Wednesday, June 10, 2009


Are you good with compliments? The receiving of them, that is, not the giving. Because I'm really not.

People give me a compliment and I can't just say thank you. Noooo. I have to make some self-effacing joke, as if to prove to myself and the world that I am not letting the compliments go to my head. I'm getting good reviews? Someone must be drugging the reviewers. Ha ha.

Or point out someone who does whatever it is better than me. You like The Ghost Shrink? Oh, it's just a little novella. Have you read Stephanie Rowe? She's so much better. Just. That word to tell the world I know I'm not so hot. I'm just me.

Or sometimes, I redirect the praise elsewhere. I'm not responsible. Compliment someone else. You like my shoes? Thank you - my mother picked them out. You like my use of the word usurp? Thank you - my eleventh grade English teacher is wholly responsible for my vocabulary. I take no credit.

Taking credit... maybe that's what I have a problem with. Honestly, I don't know what my deal is. I just know that the self-effacement leads to what is quite possibly the worst marketing strategy known to man: The Disclaimer.

A few weeks ago, I wrote to a writer whose book I had read and absolutely adored. (Biting Nixie - sooo good.) I introduced myself and told her she was a goddess - as she deserved to be told. In her reply she mentioned liking The Ghost Shrink and looking forward to whatever I came out with next. (I'm paraphrasing here, since I'm too lazy to actually pull up the old email conversation and look at what was really said.)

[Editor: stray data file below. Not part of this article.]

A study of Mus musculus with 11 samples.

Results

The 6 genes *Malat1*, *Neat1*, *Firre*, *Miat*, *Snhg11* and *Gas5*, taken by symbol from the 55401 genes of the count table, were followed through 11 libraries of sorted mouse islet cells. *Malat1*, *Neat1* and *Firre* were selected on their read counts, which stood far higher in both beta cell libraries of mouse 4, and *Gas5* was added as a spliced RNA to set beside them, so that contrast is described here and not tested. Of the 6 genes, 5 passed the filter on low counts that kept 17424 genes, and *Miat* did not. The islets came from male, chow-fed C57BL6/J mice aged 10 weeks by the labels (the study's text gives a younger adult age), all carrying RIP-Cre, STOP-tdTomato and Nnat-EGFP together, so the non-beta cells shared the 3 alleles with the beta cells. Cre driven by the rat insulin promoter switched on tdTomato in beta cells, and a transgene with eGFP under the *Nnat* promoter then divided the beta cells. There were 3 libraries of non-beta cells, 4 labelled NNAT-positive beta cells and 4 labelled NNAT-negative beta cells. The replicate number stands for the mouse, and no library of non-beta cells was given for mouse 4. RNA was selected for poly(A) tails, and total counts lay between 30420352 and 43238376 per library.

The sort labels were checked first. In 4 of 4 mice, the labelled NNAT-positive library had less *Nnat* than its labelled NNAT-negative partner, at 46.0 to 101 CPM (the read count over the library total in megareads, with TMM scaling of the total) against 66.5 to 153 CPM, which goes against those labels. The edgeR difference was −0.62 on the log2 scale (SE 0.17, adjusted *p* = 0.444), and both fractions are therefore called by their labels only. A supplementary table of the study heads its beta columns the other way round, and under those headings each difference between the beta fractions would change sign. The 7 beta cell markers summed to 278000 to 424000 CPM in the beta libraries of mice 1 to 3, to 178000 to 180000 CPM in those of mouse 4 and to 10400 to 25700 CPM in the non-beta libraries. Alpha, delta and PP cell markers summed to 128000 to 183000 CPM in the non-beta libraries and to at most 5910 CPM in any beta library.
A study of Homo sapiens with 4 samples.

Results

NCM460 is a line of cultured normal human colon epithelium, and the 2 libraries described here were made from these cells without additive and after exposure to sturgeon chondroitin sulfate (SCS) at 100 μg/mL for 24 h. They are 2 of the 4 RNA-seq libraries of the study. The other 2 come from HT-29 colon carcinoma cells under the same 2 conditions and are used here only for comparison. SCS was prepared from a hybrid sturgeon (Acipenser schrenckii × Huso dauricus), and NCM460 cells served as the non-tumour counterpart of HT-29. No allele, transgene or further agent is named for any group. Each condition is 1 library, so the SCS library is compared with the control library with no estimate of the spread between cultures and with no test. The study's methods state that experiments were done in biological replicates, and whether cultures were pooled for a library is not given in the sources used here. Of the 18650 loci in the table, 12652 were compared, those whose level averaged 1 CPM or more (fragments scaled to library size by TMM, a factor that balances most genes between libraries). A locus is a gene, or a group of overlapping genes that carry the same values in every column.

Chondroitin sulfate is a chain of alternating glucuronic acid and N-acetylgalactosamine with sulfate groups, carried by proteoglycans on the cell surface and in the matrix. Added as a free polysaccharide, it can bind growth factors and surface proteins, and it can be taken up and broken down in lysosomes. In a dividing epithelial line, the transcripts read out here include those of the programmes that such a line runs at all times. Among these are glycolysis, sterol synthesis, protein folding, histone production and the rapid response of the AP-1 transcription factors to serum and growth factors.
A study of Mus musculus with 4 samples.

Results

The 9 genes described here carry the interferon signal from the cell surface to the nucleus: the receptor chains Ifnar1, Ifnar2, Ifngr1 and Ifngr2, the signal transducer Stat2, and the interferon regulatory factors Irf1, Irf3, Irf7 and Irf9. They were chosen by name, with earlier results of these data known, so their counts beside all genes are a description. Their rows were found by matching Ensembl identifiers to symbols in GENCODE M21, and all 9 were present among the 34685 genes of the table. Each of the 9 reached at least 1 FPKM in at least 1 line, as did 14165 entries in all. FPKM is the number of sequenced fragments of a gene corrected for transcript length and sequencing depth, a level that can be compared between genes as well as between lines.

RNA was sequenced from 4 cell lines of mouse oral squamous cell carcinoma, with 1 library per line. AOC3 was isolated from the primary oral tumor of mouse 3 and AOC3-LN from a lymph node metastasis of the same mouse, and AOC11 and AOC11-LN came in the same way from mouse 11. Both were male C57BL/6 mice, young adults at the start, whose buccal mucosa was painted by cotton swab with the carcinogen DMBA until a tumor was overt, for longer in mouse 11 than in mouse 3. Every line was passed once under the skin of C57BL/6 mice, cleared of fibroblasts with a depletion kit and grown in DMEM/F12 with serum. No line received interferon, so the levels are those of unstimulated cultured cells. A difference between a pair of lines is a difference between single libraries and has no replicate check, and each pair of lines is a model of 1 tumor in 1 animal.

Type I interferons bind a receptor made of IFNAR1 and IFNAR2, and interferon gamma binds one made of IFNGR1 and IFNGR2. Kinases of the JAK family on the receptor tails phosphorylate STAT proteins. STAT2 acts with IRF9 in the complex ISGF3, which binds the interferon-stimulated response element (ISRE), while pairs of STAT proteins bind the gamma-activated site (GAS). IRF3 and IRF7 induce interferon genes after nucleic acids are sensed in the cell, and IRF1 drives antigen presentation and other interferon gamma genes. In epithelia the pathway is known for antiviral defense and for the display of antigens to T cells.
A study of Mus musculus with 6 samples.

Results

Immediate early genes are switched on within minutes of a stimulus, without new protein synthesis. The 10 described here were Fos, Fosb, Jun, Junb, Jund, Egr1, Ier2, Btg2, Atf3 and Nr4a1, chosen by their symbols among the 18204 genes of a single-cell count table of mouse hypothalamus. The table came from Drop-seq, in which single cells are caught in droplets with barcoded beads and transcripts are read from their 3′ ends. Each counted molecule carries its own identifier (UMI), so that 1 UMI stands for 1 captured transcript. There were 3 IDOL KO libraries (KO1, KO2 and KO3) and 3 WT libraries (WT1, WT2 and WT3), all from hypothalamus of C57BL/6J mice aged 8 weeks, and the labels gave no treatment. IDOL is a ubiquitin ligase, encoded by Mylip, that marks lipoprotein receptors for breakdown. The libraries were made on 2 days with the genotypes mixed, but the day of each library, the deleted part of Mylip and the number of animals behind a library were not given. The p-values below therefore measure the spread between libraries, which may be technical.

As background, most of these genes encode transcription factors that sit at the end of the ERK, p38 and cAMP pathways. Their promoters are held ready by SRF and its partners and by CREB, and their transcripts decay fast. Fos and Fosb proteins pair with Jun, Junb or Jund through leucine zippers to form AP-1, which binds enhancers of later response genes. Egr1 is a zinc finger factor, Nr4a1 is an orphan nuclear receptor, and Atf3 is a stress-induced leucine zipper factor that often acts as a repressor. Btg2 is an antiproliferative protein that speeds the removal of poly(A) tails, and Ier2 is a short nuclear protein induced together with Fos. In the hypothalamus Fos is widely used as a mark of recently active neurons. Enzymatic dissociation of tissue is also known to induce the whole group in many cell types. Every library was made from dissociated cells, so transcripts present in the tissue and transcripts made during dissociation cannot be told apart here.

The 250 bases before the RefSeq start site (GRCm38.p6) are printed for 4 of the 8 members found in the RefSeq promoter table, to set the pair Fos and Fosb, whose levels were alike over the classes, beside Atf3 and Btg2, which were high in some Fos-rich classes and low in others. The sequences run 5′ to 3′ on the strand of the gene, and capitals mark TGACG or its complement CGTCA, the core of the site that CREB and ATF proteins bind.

My knee-jerk reaction was the same knee-jerk reaction I always seem to have. I wanted to tell her not to get her hopes up. I wanted to tell her that maybe she should quit while she's ahead when it comes to reading my books. I wanted to tell her that the next book just ain't that great and she should save herself the trouble. What kind of idiot am I? Who actually says that to someone who likes their work? How counterproductive is that?

I'm not even sure how I ended up responding. (Did I respond? Crap, now I have to dig back through my email and make sure I wasn't that rude chick who never responds. Crudly.) But I'm sure it wasn't a graceful acceptance of her kind words. I just don't do graceful acceptance, it seems.

When friends, family and acquaintances express interest in my books to me in person, why do I feel the need to tell them they don't have to buy it? Why am I always downplaying? I'm freakishly proud of my books, so why the disclaimer? Am I trying to lower expectations? If they expect less, maybe they'll like it more?

I'm getting better at squashing the disclaimer impulse, but it's still there in my brain, urging me to tell people my book is just mediocre, don't expect too much. My instincts, it seem, fly directly in the face of the "Writer, Promote Thyself!" mantra, but I'm trying. I'm really really trying not to tell people to avoid my books like the plague.

Maybe someday I'll even succeed.

1 comment:

Kaye Chambers said...

When you figure it out, make sure you send the notes to me. *grins*

You know what it is, right? We were taught that modesty is becoming and we're having a hard time transforming that into the whole "PROMOTE PROMOTE PROMOTE" lifeline of author success.

And, for the record, your next TWO books are every bit as good as Ghost Shrink. I know and can't wait to get my hands on a legal, finished, polished copy!!